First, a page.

Alvamar Golf Club head pro Randy Towner nailed it, much to the delight of Kansas State University fans surrounding him at mid-day Monday.
"I assure you, this will be the most purple on our golf course," Towner said to the crowd. "Ever."
The 2006 Jake Ochs Golf Classic - an event put on by the Lawrence Area Catbackers for the drastically outnumbered K-State fans around town - had more than double the participants compared to last year, with 113 golfers showing up on Alvamar's private side Monday.
One reason for the large turnout was a man who at 11:45 a.m. unloaded his clubs from a gray SUV, shook countless hands and signed even more autographs before teeing off - Ron Prince, K-State's new football coach.
Prince and 11 members of his staff golfed at Alvamar among passionate Wildcat fans, many of which live around Lawrence, the undeniable hub of Jayhawk faithful.
"Not surprised at all," Prince said of the KSU turnout. "Every single event we've had this summer, we've broken the attendance record. I haven't been surprised at all by the number of people that have come out."
It's according to plan for Dick Luman, one of the organizers of Monday's event. He was part of a furious campaign to get Prince to play in Lawrence once the coach was hired after last season. The coaching staff's cameo Monday helped drive the tournament toward Luman's ultimate goal - big, big numbers.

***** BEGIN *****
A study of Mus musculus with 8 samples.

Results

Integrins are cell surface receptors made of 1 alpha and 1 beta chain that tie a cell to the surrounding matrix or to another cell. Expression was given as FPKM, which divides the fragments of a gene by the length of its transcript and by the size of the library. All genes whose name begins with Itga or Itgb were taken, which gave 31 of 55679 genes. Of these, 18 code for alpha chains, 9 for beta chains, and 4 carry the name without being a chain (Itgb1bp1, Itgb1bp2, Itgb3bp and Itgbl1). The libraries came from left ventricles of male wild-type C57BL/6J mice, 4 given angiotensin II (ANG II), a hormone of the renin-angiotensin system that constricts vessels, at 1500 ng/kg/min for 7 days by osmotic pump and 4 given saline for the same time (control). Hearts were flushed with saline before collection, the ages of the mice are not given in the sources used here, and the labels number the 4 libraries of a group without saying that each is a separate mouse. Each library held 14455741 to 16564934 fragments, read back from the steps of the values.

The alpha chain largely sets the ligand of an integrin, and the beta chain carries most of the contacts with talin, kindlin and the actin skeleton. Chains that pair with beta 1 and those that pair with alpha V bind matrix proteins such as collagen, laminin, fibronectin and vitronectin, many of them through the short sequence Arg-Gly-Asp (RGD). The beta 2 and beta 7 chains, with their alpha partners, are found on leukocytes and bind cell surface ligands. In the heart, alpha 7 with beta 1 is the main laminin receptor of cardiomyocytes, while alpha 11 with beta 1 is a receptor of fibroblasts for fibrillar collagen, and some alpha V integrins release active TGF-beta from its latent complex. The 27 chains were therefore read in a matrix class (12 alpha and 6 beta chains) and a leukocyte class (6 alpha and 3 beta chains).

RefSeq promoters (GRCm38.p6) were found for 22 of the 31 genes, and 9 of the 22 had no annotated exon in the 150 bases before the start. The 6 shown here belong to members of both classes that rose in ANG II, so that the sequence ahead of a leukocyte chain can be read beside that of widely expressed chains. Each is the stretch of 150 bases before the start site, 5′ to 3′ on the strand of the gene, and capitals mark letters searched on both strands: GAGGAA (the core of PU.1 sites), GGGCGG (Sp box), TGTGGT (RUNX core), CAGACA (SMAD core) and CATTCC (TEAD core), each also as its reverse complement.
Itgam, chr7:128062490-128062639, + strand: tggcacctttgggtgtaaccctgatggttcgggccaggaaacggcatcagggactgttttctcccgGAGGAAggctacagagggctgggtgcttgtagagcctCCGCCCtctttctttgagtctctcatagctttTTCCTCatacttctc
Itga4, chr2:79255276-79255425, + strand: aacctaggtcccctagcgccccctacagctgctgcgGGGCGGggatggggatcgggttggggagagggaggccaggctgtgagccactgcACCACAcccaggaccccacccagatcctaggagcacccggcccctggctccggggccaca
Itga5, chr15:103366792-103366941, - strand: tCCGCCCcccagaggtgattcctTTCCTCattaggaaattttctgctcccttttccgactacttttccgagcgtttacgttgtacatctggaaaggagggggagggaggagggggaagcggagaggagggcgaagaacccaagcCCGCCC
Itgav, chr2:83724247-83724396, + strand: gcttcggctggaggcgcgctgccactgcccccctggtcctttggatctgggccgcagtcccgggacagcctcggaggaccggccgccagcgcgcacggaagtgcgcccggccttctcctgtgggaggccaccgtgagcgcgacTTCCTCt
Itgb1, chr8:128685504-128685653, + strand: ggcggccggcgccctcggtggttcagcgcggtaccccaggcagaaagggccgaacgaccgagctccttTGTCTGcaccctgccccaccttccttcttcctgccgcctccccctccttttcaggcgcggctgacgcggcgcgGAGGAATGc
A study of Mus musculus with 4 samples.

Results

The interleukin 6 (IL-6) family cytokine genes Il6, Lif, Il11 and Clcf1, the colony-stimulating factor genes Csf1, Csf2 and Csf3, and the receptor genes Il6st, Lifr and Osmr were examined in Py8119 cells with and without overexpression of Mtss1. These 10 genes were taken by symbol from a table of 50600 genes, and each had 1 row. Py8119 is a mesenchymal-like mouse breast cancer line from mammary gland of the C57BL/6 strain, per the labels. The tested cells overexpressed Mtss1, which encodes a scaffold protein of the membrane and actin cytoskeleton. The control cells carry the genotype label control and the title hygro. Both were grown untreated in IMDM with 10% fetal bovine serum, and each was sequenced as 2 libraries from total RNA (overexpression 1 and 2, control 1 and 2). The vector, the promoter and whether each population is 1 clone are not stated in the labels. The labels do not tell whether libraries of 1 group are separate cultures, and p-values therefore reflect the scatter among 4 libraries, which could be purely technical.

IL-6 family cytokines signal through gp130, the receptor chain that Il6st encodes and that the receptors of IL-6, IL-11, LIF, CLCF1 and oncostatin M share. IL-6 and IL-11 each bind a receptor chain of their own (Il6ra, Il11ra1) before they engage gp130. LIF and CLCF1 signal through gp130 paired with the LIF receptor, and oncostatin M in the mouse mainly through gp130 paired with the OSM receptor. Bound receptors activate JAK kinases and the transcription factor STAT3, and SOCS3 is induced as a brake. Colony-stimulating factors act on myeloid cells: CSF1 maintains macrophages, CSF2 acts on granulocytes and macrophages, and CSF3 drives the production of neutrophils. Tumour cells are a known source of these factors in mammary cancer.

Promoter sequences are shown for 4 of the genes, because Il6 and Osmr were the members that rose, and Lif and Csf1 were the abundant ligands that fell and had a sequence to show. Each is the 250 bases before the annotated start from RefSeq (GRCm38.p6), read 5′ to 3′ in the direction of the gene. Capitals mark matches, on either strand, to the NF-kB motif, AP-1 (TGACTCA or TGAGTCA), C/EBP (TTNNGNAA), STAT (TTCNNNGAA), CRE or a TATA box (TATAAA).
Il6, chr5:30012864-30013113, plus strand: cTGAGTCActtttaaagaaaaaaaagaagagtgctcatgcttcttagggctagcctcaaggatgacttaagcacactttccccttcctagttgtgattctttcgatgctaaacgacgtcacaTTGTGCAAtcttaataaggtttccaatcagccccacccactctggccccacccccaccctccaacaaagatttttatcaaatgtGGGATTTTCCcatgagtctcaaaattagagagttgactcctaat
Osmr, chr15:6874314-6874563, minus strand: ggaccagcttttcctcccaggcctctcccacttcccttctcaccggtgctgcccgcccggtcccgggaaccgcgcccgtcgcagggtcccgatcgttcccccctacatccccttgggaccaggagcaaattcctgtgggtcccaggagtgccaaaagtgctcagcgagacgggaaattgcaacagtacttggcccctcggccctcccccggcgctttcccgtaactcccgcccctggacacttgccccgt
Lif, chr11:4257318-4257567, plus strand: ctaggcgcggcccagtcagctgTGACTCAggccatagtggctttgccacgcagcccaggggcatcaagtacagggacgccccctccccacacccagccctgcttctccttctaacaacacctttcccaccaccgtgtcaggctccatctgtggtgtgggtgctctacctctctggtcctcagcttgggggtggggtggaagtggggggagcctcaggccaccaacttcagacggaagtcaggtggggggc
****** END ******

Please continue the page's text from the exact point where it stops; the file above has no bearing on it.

"We're real dedicated to making this the largest K-State event in the state of Kansas," Luman said. "Doing this is Lawrence is no undertaking."
The turnout is way up from last year, when 45 golfers attended. Prince credits the surge to curiosity about KSU's new coaches, who replaced the retired Bill Snyder and his staff in December.
Luman, though, said it was more excitement than intrigue.
"I've met the man several times. He's awesome," Luman said. "I haven't seen this kind of excitement at K-State in a long, long time.
"Snyder laid a rock-solid foundation just so someone like Ron Prince can lay his shoes on it and just grow."
Prince, who has a 14 handicap, said he held his own.
"I'm doing OK. I was putting decent early, and the short game was OK," Prince said. "A lot of these guys were long-ball hitters, so I was able to hang in there and use a couple of my drives."
It turned out to be a good day for Prince in Jayhawk country, but the next time he's here, likely Nov. 18 for the KU-KSU game, Prince pretty much can bank on getting booed.
He's ready. Having grown up in Kansas, he knows what to expect out of the state's biggest rivalry.
"I have a lot of respect for what coach (Mark) Mangino is doing here," Prince said. "He is obviously a hard worker, relates well to players and to people, and that's a big part of it.
"There's not an easy game in the Big 12, much less the North. We're aware of that. Every game is going to be hard to win, but that's our objective."